Surely you all know by now that there was a deadly shooting at the Fort Hood Army base in Texas on Nov. 5. Thirteen people were killed (12 of them soldiers) and 42 more were wounded. The only suspect in the shootings is Maj. Nidal Malik Hasan, a former Army psychiatrist, who was stationed at the base and was shot and paralyzed by a cop before being taken in to custody.
Why would a soldier do such a thing? Apparently, there were some red flags regarding Hasan’s character that were uncovered by profilers. He was profiled as a loner who wasn’t married and closed off. In 2007, he gave a presentation at the Walter Reed Army Medical Center where he asked the Army to make a rule that allowed practicing Muslims to be able to file as conscientious objectors to military operations against other Muslims. His communications were flagged by intelligence agencies in 2008. These and other red flags provide some insight as to why Hasan allegedly performed this monstrous act.
But the question that’s on everyone’s mind right now is this: was this shooting an act of terrorism? That’s a fairly black-and-white question for an act like this. The Merriam-Webster Dictionary defines terrorism as "the systematic use of terror especially as a means of coercion." FBI profilers have already said that they believe Hasan allegedly acted alone, so that kind of puts a damper on the "systematic" part of it. They also said that his psychological actions are consistent with a mass murderer, not a terrorist. But is this truly terrorism? At gunpoint, I’d probably say no. It’s hard to come up with a definitive answer because we may never know exactly what went through Hasan’s head that day.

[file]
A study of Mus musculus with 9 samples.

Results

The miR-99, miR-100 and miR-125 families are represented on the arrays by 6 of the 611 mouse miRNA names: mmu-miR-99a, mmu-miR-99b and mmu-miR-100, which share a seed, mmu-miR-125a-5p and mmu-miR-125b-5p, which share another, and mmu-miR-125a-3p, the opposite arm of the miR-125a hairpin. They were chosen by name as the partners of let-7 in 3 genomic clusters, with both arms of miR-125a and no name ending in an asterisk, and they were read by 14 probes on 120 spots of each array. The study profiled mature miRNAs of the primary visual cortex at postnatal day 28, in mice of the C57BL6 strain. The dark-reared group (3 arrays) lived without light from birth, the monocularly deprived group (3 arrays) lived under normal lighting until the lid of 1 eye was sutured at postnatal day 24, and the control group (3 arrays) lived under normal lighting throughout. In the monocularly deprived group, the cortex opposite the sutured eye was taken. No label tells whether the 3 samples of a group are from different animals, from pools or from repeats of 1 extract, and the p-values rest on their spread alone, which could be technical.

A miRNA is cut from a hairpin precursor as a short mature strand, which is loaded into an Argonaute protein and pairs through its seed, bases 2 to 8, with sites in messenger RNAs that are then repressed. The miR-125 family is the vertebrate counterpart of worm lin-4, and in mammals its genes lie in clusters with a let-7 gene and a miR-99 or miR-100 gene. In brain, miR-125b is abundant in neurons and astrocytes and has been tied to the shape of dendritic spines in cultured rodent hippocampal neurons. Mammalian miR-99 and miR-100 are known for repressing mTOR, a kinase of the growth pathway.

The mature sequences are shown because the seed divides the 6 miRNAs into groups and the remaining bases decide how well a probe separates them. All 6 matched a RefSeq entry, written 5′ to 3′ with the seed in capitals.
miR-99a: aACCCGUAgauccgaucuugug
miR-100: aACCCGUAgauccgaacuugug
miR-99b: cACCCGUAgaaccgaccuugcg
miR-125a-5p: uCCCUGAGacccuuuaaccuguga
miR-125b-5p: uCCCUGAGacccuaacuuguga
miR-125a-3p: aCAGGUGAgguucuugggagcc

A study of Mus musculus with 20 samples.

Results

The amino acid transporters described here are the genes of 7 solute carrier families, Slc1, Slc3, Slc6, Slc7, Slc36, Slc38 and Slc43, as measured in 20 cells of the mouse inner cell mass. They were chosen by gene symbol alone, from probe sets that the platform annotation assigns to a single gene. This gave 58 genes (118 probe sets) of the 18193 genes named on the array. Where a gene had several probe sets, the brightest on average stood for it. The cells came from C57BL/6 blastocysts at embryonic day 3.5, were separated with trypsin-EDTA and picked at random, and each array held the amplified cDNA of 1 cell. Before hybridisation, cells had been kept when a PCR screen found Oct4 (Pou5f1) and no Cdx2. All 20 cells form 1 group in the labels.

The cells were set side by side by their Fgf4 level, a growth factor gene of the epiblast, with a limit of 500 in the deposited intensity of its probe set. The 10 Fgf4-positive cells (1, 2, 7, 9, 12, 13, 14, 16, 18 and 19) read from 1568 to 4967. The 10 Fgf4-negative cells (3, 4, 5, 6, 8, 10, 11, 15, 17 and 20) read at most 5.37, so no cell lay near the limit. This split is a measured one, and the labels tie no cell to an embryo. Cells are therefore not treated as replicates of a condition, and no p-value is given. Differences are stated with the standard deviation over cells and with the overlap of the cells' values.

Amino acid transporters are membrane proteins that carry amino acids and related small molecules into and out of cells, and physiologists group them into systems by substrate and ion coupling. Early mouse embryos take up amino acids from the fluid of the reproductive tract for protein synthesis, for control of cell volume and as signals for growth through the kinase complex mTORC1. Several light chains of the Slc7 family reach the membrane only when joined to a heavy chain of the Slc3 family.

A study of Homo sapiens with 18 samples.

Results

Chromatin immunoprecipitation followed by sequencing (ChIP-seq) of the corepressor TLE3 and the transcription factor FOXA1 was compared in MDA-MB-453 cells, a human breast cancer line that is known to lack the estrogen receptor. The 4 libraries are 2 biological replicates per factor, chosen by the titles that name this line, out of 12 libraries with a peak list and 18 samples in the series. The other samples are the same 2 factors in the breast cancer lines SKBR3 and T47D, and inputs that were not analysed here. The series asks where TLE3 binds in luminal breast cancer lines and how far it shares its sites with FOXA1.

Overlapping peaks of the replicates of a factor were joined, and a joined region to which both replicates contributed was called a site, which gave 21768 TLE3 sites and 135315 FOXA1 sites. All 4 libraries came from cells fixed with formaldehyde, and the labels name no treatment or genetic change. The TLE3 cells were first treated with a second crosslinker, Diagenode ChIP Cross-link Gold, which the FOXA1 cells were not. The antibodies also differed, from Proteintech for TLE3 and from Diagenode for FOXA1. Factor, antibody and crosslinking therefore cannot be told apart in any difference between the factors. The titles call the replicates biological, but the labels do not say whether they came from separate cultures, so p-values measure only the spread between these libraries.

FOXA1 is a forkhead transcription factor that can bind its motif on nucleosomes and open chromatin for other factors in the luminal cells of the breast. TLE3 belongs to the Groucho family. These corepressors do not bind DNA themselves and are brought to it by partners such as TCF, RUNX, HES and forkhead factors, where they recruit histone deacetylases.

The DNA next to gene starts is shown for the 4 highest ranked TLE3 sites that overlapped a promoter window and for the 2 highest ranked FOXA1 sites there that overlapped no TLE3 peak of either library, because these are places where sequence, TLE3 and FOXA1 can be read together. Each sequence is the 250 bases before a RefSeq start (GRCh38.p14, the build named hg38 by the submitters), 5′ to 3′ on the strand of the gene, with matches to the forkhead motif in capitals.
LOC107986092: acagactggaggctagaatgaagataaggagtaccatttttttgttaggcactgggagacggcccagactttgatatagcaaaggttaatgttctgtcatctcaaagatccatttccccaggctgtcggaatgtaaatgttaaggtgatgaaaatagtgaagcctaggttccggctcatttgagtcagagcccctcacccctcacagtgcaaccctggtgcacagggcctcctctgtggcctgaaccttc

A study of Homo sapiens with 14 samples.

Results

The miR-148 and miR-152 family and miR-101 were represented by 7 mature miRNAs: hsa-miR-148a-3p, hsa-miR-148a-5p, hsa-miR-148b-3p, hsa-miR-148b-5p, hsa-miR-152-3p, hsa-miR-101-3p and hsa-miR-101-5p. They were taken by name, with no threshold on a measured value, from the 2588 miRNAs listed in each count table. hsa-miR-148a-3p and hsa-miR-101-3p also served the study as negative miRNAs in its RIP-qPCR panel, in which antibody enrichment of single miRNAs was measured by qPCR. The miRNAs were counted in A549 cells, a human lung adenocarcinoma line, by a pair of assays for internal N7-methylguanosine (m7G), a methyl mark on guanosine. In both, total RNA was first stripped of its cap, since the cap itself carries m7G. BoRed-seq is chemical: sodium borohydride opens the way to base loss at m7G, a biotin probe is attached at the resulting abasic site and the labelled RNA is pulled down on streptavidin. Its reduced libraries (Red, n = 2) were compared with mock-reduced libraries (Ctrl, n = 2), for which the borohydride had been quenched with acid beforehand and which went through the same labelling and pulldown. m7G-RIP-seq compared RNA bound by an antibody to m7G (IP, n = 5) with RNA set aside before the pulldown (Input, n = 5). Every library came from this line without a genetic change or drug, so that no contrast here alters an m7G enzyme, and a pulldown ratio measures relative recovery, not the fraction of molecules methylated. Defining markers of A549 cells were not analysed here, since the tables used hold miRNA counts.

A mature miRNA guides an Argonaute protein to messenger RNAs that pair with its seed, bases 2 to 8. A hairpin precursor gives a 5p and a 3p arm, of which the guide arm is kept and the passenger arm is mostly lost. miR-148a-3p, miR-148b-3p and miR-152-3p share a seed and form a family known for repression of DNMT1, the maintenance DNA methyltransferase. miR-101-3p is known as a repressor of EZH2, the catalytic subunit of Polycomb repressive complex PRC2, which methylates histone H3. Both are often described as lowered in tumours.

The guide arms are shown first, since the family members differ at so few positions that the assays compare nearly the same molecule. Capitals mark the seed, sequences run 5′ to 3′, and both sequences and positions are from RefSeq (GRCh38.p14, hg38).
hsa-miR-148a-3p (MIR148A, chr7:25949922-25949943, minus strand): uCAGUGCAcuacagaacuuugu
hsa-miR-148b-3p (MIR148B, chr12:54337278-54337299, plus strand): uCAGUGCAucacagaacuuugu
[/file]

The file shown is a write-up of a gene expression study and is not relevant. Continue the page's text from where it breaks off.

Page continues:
But of course, people tend to rush to judgments in situations like this. Bill O’Reilly has stated that this event was clearly an act of terror, but it’s not that open-and-shut. Also, it’s not exactly top priority right now. Do you think the families of the 13 people who were killed care whether this will be considered an act of terror or not? Maybe in the future, but not right now.
Also, this question hasn’t really come up before in previous mass shootings, so why is it so pertinent now? The answer is probably because of the impact of 9/11 and the war on terror, but does this mean we should go back and reevaluate other terrible events like Columbine? Personally, deciding whether these or any future events are acts of terror doesn’t mean that much because it doesn’t really mean anything in the long run. These are tragedies, first and foremost, and everything else is semantics. The impact of losing a family member or a friend doesn’t change whether they were killed by a terrorist or a mass murderer. A loss is still a loss. I haven’t lost anyone in an act like Fort Hood, so maybe I’m all wrong about this, since I don’t know what that feels like. Hopefully, it’ll stay that way.